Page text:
When you regularly reach the end of your money before the end of the month, it’s probably time to consider revamping your budget. Writing down everything you’re spending can help you keep tabs on where your hard-earned dollars are going, but sometimes you might need to go a step further. If you normally use credit or debit cards to pay for things, switching to cash-only can improve accountability and make it easier to stay in the black.

Find out now: Is It Better to Buy or Rent?

How Cash-Only Budgeting Works

Setting up a cash-only system begins with writing out your monthly budget. This includes adding up your fixed expenses, like housing and utilities, as well as those things that aren’t set in stone, like groceries, entertainment or gas. Anything that doesn’t already have a recurring payment set up can be included in your cash plan. If you have bills that are being automatically charged to your credit card, you may want to consider switching them over to your checking account.

To figure out how much you have to spend each week, you simply divide the total amount you’ve budgeted for each category by four. For example, if you regularly allow $500 a month for groceries, that comes out to $125 per week. Once the money’s gone, you can’t spend anymore in that category until the new week starts. You may need to do a little tweaking for months that have five weeks. Many people prefer to separate their weekly cash into envelopes or an accordion folder, which is also good for keeping up with receipts.

Related Article: Should You Use Cash or Credit for Summer Travel?

Benefits of Switching to Cash-Only

Does Switching to a Cash-Only Budget Make Sense?

Using cash instead of plastic has some definite advantages, especially if you want to keep up with your spending in a tangible way. When you’re charging things to a credit or debit card it’s much easier to overspend and you don’t feel the impact as much when you’re not parting with your money in a physical way. Seeing how quickly your cash can disappear if you’re not careful encourages you to be more mindful about how you spend.

If you struggle with sticking to your budget each month, using cash makes it easier to prioritize your purchases so you don’t end up spending frivolously. Once you run out of money, you have to make a conscious choice to go over your weekly or monthly cap. If you’re constantly trying to keep up with the Joneses, a cash-only system can provide a much-needed reality check.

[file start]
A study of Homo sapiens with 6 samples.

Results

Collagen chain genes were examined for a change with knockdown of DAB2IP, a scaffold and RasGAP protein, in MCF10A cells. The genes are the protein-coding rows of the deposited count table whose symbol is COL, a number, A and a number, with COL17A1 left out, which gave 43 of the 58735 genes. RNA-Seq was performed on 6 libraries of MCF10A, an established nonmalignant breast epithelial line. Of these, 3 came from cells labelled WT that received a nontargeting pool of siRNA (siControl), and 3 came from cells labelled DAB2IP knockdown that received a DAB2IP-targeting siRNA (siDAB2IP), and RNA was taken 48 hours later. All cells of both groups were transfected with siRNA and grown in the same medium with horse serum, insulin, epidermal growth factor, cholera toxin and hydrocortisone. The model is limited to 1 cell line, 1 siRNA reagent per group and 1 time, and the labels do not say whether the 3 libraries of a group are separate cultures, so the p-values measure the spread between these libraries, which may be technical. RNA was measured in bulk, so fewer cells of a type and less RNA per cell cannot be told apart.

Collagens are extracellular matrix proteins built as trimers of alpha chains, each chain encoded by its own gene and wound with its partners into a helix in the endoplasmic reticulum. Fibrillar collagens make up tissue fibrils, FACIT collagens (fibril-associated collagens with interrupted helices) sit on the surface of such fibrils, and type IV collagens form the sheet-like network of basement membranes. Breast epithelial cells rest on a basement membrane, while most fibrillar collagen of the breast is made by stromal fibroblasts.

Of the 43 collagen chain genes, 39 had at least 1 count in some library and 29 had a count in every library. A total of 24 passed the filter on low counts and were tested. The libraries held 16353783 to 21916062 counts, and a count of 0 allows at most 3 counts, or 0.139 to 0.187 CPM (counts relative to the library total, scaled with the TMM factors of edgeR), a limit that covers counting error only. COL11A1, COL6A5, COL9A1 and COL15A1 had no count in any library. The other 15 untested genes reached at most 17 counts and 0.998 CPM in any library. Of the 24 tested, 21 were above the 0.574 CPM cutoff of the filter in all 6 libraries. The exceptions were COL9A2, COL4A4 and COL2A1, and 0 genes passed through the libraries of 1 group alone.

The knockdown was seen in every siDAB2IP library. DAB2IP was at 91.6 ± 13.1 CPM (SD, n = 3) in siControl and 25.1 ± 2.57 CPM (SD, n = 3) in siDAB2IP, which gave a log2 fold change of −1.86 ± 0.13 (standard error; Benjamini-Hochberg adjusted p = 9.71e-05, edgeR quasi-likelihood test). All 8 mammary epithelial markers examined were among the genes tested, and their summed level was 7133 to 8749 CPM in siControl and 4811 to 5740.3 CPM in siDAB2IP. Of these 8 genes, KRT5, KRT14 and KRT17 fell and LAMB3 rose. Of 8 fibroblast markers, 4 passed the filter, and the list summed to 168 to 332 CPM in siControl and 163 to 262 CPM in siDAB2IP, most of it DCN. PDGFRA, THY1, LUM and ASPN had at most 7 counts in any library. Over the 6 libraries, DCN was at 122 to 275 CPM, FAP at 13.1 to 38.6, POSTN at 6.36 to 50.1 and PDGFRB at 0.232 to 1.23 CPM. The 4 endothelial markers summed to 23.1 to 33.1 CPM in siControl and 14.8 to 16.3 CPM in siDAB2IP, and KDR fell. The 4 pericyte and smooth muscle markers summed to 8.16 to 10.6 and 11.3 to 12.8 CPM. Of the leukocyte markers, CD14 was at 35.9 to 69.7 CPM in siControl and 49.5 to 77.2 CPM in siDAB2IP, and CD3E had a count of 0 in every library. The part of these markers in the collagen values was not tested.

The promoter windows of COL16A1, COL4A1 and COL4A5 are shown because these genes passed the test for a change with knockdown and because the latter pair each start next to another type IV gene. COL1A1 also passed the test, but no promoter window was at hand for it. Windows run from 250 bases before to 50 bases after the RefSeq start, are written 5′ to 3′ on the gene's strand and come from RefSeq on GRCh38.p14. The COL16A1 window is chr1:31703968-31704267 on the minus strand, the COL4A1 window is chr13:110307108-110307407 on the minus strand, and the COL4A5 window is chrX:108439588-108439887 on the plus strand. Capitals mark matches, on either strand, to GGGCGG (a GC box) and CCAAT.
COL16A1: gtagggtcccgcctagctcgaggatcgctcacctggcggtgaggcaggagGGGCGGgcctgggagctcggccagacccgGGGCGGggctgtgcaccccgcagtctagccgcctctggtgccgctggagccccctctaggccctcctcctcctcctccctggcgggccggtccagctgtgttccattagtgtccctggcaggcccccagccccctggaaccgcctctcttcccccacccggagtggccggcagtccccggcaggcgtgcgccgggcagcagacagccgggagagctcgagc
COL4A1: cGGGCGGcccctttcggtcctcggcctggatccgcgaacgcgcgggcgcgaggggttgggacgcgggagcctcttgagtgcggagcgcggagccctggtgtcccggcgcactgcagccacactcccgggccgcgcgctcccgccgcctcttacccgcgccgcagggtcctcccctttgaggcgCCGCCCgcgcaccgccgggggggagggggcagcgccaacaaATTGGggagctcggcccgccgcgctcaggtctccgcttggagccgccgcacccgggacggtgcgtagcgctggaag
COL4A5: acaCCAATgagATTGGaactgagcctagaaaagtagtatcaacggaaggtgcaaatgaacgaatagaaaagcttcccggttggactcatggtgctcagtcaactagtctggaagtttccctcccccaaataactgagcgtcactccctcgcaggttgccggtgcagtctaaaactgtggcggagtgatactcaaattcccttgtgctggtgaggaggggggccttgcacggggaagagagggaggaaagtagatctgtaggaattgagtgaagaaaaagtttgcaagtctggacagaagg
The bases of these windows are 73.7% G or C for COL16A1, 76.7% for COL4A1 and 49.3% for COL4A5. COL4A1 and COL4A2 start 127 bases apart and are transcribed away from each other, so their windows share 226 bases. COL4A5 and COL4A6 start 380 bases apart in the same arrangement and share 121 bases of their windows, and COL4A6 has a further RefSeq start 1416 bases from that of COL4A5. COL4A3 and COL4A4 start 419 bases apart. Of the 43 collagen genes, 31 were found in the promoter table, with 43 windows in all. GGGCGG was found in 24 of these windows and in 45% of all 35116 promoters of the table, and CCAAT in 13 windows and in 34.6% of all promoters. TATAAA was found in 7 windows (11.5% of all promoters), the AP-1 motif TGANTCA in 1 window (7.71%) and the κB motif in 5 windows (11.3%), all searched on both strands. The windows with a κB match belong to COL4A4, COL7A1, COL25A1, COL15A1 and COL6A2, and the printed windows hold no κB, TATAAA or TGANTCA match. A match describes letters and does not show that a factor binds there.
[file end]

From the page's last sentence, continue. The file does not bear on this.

Perhaps one of the most important benefits of using cash is that it reduces your reliance on credit. If you’ve been struggling with credit card debt for years, switching to cash gives you an opportunity to break free of the cycle. Once you take a hard look at how much your preference for plastic is costing you, you may feel more motivated to start chipping away at your debt.

Related Article: What is a Cash Balance Plan?

Why It May Not Work for Everyone

Does Switching to a Cash-Only Budget Make Sense?

No budgeting system is 100% perfect and the cash-only method isn’t necessarily a good choice for everyone. If you’re not very organized, keeping up with multiple envelopes of money may result in disaster if you lose track of one at some point. Using a rewards card to pay for purchases is a good way to earn points or cash back but you won’t get any added perks by using cash. Credit cards can also be useful for building your credit score if you use them wisely, an advantage that plain old dollars and cents don’t provide. Finally, getting to the bank each week to withdraw cash may not always be feasible.

The Bottom Line

Using cash may seem a little old-fashioned but it could end up being a serious time and money saver if you’re able to make it work for you. Making the switch usually involves an adjustment period but you may be surprised at how much simpler managing your money becomes. Have you ever tried it? Share your experiences in the comments below.

Photo Credit: ©iStock.com/CatLane, ©iStock.com/studiocasper, ©iStock.com/MarsBars

Rebecca Lake Rebecca Lake is a retirement, investing and estate planning expert who has been writing about personal finance for a decade. Her expertise in the finance niche also extends to home buying, credit cards, banking and small business. She's worked directly with several major financial and insurance brands, including Citibank, Discover and AIG and her writing has appeared online at U.S. News and World Report, CreditCards.com and Investopedia. Rebecca is a graduate of the University of South Carolina and she also attended Charleston Southern University as a graduate student. Originally from central Virginia, she now lives on the North Carolina coast along with her two children.